Determine a budget that you can afford and make sure you have include a contingency element, you will almost always need more than you think.
You want a car that will appreciate in value, or at least hold value over time. A high end version of a very popular model is a good starting point for finding a more modern or a future classic. The popularity and desirability of established classics can easily be found by looking at the prices they attract on classic car sales websites, magazines and online discussion groups.
Research the vehicle, talk to owners via specialist forums, you will get to know the common problems and find out whether replacement parts are easily sourced. Try to get a workshop manual if you can find one, often they are able to be found online.
Make a checklist of things you need to ask/inspect when viewing a vehicle and make sure you take time finding the right one, an impulse purchase will almost always be a mistake.
If at all possible buy a car that starts! If it does you know that some care has been taken over it. If it doesn’t the risk is that it will cost a great deal to put right, so don’t be afraid to walk away.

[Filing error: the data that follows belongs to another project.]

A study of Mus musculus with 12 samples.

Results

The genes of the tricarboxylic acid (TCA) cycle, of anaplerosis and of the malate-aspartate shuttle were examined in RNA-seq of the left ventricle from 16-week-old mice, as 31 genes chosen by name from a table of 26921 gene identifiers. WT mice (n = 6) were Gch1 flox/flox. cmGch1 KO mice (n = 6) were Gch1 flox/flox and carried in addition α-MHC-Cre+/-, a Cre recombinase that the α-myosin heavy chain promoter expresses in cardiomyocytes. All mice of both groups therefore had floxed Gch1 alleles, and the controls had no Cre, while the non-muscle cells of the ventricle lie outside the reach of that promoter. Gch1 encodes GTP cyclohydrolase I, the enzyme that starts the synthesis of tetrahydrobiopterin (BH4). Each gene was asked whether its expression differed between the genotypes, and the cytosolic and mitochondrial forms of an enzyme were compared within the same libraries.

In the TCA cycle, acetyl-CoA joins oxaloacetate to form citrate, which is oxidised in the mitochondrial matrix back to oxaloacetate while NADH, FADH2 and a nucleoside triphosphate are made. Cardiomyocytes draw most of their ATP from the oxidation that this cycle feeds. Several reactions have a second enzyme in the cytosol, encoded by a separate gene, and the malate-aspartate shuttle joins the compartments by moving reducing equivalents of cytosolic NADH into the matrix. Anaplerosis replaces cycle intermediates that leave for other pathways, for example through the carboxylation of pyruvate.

The more original a car is the more valuable it will be, so be wary of rust it is the single most common problem with classic car restoration. Where there is visible rust, there is almost always invisible and often inaccessible rust as well. If you’re not careful enough during the initial inspection, you may find that the rust you later discover cannot be repaired without detracting from the value of your car.
Choose whether to work with a friend or professional on your classic restoration project. You may have a “friend who knows how to repair cars,” however, be aware that most cars restored by people other than professionals tend to be the worse for it. It is not generally recommended to involve friends and family on projects such as classic car restoration. Consider working together with a professional instead. They can guide you, so that nothing is missed and perhaps do the more difficult tasks that need more specialist skills than you possess.
Don’t skimp on classic car restoration engine repairs, as decades of use, or non-use, can lead to mechanical problems in a vehicle’s engine. Pay particular attention to engine compression ratios, these are very important on older cars.
Decide how much restoration you want. Are you happy to return it to a good drive-able condition? Are you intending on producing a show car? Finally, are you looking to create a concourse vehicle, one that will seldom be driven and will be more of an exhibit? This will determine how much professional work you will require. really high end restorations will require very specialised and therefore ‘expensive’ to employ, workshops.
Finally, once the vehicle is restored, keep it well and regularly maintained and preferably use it so that others can benefit from its restoration too.